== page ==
How to Fall Asleep Faster, According to an Expert


 

What’s the most common mistake you see people making that leads to trouble falling asleep? 

As an urban 24-hr society, we’re not giving sleep the due importance it deserves. Many factors contribute to our reduced total sleep time. The advent of prolonged work hours, demanding corporate jobs, excessive use of technology, social media exposure, noise pollution, increasing obesity, sedentary lifestyles, substance abuse, and global travel across time zones are all contributing factors for sleep disorders.

Due to sleep insufficiency, many individuals (even the younger folks) are likely to suffer from chronic diseases such as hypertension, diabetes, depression, and obesity, as well as from cancer, increased mortality, and reduced quality of life and productivity. Ideally, a person should sleep from sunrise to sunset, optimizing the cumulative effect on the homeostatic and circadian drive for ideal physiology. But in the modern era, we’re burning the candle at both ends. We’ve become a 24-hour society due to social and work stressors.

We need to make a consistent effort to sleep at the same time and maintain a sleep and wake schedule.

Recent studies have shown that deregulation of the sleep cycle or delayed sleep circadian phase can have an adverse effect on the metabolic functions of the body.

How much do you think room temperature affects sleep quality?

A mild drop in your core body temperature induces sleep. Hence, if you’re in a cooler environment it facilitates sleep onset. A cool room, close to 65 degrees is optimum for sleep.

Body temperature tends to drop as you become drowsy and reaches its lowest level around 5:00 a.m., then climbs slightly as the day progresses. If the environment is too hot, it may interfere with your body’s natural temperature dip and make you more restless through the night. Each individual has a slightly varied optimal temperature threshold.

Is there a certain mattress or pillow you swear by for your clients?

Selecting a mattress is very personal.

There isn’t a lot of scientific evidence to prove that one type of mattress will help you sleep better than another, however people with certain medical conditions do seem to rest easier on particular mattress styles.

Anyone with back or neck pain should take a “Goldilocks” approach to mattress buying: not too hard, and not too soft. Mattresses that are too soft tend to sleep hot and can add to lower back pain, while mattresses that are too hard can put excess pressure on the sacrum, shoulders, and back of the head. If you have allergies, it’s definitely worth it to invest in a hypoallergenic mattress for better sleep.

 

Does diet affect sleep at all? In what ways?

Most definitely. As children, many of us were given a glass of milk at bedtime. This tradition is based in scientific fact — the calcium in milk helps with the production of tryptophan, which is required in the production of melatonin (a sleep hormone). So foods that are naturally rich in tryptophan like almonds, chicken, turkey, soybeans and eggs can be good for sleep. Also foods that are rich in melatonin such as cherry juice, ginger root, walnuts, peanuts and fresh mint.

Caffeine and alcohol can have major affects on sleep. I advise my patients to limit caffeine to before 3pm. And while alcohol can make people fall asleep faster, it actually increases their wake time after sleep. So, you’re actually sleeping less than you would have if you’d abstained from alcohol that night.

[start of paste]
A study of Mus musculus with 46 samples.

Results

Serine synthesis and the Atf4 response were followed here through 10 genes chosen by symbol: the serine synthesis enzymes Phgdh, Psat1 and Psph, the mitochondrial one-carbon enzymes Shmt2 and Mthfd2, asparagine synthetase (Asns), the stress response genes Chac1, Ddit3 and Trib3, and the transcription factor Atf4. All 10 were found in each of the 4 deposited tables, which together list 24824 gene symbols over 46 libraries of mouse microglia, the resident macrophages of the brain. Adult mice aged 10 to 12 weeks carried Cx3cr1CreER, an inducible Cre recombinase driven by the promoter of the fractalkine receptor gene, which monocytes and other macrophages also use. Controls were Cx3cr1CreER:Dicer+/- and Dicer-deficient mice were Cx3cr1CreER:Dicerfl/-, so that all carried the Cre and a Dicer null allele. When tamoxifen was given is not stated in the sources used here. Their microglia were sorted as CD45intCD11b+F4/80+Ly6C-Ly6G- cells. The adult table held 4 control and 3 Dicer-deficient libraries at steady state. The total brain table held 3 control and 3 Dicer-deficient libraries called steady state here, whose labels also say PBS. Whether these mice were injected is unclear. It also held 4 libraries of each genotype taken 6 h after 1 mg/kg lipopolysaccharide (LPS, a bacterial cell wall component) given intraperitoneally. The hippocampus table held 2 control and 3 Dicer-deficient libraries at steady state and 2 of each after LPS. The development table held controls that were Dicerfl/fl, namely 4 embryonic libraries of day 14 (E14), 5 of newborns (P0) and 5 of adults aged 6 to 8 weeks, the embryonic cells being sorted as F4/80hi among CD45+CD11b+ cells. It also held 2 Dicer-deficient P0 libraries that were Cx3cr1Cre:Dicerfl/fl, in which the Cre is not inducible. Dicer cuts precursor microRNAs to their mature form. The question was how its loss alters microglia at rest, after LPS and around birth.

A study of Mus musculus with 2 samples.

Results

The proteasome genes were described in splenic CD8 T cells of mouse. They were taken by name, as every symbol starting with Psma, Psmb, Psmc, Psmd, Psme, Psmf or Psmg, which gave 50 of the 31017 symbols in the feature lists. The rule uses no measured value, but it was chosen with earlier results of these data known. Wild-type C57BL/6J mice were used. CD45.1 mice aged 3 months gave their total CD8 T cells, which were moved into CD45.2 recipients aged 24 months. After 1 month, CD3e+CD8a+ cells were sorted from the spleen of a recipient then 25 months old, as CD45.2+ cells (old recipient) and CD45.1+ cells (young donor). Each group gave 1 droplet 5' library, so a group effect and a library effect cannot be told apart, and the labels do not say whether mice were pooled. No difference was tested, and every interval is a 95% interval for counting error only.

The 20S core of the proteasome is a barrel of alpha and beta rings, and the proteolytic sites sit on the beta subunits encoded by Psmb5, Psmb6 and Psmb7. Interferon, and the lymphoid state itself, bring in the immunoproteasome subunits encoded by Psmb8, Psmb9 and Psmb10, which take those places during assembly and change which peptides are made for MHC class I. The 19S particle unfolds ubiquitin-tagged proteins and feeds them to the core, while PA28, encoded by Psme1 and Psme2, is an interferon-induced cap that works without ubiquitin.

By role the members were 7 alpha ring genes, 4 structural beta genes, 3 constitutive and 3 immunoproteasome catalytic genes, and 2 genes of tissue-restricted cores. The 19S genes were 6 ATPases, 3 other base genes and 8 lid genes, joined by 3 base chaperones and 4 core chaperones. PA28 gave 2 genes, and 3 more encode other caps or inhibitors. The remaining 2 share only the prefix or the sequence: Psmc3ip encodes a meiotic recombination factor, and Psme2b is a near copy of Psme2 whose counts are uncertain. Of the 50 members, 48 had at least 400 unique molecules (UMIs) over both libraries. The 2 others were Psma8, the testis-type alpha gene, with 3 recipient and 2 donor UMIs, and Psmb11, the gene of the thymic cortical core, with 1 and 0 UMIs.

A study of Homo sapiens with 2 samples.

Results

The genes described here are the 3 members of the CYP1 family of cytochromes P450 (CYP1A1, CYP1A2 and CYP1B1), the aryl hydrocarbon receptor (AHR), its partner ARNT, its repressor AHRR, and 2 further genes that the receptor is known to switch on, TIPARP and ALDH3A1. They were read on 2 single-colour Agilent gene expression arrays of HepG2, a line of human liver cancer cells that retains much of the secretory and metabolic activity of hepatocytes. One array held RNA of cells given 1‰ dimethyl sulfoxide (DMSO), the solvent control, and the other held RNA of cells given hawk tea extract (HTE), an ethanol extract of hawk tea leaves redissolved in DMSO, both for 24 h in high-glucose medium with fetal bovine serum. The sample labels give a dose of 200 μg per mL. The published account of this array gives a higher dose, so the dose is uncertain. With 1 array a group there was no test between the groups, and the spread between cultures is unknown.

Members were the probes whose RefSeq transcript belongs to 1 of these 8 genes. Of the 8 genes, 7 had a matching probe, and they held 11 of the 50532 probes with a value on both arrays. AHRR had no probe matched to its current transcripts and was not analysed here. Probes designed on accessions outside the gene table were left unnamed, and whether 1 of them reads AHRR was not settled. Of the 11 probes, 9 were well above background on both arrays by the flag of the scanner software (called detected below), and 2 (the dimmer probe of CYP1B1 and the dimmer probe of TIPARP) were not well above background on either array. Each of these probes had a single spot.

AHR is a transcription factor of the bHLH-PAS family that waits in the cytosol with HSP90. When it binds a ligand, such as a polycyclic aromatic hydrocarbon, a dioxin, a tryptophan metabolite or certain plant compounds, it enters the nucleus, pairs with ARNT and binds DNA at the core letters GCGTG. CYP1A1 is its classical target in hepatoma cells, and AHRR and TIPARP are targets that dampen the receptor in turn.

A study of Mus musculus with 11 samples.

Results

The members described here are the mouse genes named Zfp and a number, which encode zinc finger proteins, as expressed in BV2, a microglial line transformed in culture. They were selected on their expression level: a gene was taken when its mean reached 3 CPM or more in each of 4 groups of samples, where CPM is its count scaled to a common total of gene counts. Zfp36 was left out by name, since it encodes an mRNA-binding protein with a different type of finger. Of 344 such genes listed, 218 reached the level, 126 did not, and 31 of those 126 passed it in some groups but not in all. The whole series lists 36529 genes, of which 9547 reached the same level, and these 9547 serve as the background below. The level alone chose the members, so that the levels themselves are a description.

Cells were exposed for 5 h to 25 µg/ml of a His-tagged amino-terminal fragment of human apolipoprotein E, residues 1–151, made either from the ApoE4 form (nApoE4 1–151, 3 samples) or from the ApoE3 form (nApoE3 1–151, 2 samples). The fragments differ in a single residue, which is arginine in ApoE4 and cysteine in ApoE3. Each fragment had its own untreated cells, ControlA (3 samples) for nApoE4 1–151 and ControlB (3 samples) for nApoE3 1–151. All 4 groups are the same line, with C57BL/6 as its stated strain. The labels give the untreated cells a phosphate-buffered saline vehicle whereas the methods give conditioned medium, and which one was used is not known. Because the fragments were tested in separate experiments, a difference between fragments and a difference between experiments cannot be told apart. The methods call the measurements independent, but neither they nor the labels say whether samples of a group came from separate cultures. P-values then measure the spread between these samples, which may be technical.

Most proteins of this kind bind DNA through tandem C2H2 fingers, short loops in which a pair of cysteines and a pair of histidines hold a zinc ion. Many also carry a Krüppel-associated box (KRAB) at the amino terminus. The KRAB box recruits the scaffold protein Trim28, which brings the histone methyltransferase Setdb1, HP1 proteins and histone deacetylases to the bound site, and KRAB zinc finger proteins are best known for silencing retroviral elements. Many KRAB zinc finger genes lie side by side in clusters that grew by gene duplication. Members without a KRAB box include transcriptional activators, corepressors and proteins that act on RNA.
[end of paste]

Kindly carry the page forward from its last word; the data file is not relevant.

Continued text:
Finally, going to bed hungry makes falling asleep much harder. Eating a regular evening meal followed by a bedtime snack can actually improve sleep!

 


5 Expert Tips for Falling Asleep Faster

Step 1: Define a regular sleep schedule.

An irregular schedule can disrupt the circadian rhythm (darkness activates melatonin production, preparing us for sleep). When we curtail our total sleep time, we accumulate “sleep debt”, so it’s important to set a regular bedtime and wake time and stick to it.

 

Step 2: Develop a relaxing bedtime routine.

Stress causes the hypothalamus to release corticotropin releasing hormone (CRH), which stimulates the pituitary to release adrenocorticotropic hormone (ACTH), which then induces the adrenal glands to release cortisol and other stress hormones that promote wakefulness… in other words, stress makes it harder to fall asleep. Resolve worries before bedtime whenever possible — no stressful pillow talk! Try and develop a bedtime routine that relaxes you. Take a warm bath or sip a hot cup of (de-caffeinated!) tea.

 

Step 3: Stop using your bed as a home office.

Getting into bed should trigger your body to relax for sleep. Protect those delicate associations by only using your bed for sleep and intimacy.

Step 4: Work out in the morning instead of the evening.

Exercise smart — morning exercise in the sunlight is the ideal way to start your day. Most people should avoid strenuous workouts in the late evening or right before bed — no 24 hour gyms!

The increase in body temperature that comes with cardio workouts and stimulation can interfere with sleep onset. Try moving your workouts to before noon for optimum sleep.

 

Step 5: Stop looking at your phone in bed.

Use of electronic gadgets with a back-lit display (computers, phones, tablets, televisions) for two hours before bed has been found to cause a significant suppression of melatonin, causing sleep disturbances. Research has found that monochromatic blue light suppresses melatonin production as well. 

Try putting your phone out of reach before getting into bed. Keep electronics usage to a minimum or completely eliminate blue light (alarms, TVs, laptops) after dark.